A 7,000-hp motor drives the stone cylinder to shred batches of a dozen or more 48-in.-long whole logs into pulp that becomes paper at the Boise Cascade plant, Ft. Frances, Ontario. Cylinder diameter is 72 in.; length, 48 in.
When the cylinder becomes sufficiently worn periodically, it must be removed and replaced. Two hub flanges, one at each end of the stone cylinder, hold the cylinder on the shaft. The flanges mount on the shaft with mating threads. As the flanges are screwed onto the shaft against the cylinder, the compressive force between them holds the stone in place. The shaft has a right-hand thread at one end; a left-hand thread at the other. With hub flanges held to prevent rotation, the shaft is turned in one direction to tighten flanges; in the opposite direction to loosen them.
The way it was
Before installation of this giant holdback sprag clutch, a large wrench was mounted on one end of the shaft when tightening or loosening hub flanges was needed. A torque arm on the wrench added leverage. Pins inserted into hub-flange outer surfaces anchored the flanges while the shaft was rotated. A bridge crane drove the torque arm to turn the shaft. Because of the long lever arm and limited practical travel with the crane, the shaft could be turned only a few degrees from starting position. The heavy wrench and torque arm then had to be removed with the crane and repositioned so the shaft could be turned a few more degrees. This process was repeated several times over a 4 to 6-hr period until the flanges were moved enough for removal or installation of a stone cylinder.
The torque needed for sufficient compressive force to hold the stone in place is 170,000 lb-ft. Torque needed to loosen the flanges is 10 to 15% more, because of interstitial bonding between flanges and cylinder, and corrosion between flanges and shaft.
No time to waste
A hydraulic cylinder now drives the torque arm to turn the shaft a few degrees from starting position with the sprag clutch engaged. Then, instead of removing the clutch, the hydraulic cylinder is reversed. The sprags disengage, and the torque arm is returned to starting position ready to turn the shaft a few more degrees. Tightening or loosening of hub flanges takes about 20 min, roughly 5 to 10% of what it took with the old system. To turn the shaft in the opposite direction, overrunning clutch position is reversed so that the shaft enters the input bore from the opposite side.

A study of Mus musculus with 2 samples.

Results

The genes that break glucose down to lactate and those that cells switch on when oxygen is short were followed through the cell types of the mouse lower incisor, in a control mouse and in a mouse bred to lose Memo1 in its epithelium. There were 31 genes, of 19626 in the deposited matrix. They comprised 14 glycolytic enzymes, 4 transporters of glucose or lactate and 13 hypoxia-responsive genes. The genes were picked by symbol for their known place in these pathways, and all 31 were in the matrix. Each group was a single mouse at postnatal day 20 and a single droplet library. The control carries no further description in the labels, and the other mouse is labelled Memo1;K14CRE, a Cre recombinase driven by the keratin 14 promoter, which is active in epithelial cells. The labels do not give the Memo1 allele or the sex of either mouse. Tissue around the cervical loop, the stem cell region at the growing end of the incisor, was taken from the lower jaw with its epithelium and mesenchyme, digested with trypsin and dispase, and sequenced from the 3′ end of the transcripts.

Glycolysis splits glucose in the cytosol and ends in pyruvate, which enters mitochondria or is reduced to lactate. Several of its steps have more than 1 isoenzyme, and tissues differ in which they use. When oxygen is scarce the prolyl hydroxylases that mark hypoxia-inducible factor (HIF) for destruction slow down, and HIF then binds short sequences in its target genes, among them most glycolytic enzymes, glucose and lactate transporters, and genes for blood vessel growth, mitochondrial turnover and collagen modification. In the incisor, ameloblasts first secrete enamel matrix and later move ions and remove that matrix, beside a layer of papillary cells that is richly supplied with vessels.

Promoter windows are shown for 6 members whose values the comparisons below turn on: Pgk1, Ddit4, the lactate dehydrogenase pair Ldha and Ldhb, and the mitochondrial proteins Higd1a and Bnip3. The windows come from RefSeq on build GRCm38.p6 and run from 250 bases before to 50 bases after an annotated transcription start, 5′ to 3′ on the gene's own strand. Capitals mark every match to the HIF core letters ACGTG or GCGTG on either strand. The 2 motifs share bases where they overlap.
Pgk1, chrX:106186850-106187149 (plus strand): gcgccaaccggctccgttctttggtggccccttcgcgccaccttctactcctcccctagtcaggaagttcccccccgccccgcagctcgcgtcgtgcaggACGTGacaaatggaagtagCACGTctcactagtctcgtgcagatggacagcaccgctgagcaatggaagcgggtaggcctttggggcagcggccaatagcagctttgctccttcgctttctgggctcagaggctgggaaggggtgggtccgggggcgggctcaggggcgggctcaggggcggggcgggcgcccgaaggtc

Boise Cascade engineer Dave Thompson developed a faster method of removing and installing grinding stones, using a Formsprag holdback clutch as the wrench. Once the clutch is mounted on the shaft, it need not be removed until the flanges are tightened or loosened enough.
The Formsprag holdback clutch described in this article is from Warner Electric/Dana Corp., South Beloit, Ill.
The clutch that turned into a wrench
The clutch has an inner and an outer cylindrical race with a set of sprags in the annular space between. When relative rotation between the two races is in one direction, the sprags wedge between the races, and torque transmits from one race to the other. When relative rotation is in the opposite direction, sprags tip into disengagement and the races can rotate independently with no torque transmitted.
In regular holdback applications, the inner race mounts on the headshaft or power-takeoff shaft of machinery such as a unidirectional bucket elevator drive. The outer race is held fixed. When the elevator is being driven upward, the sprags are disengaged and the headshaft rotates freely. If drive power is removed and the elevator attempts to drop due to gravity, the sprags engage instantly. That prevents reverse rotation of the headshaft and downward movement of the elevator.
The holdback clutch and torque arm on the grinder application works like a mechanic’s ratchet wrench, though on a much larger scale — It weighs 3,200 lb and has a 200,000- lb-ft torque rating! The torque arm is 14 ft long and the clutch OD and width are 30 in. and 10.6 in.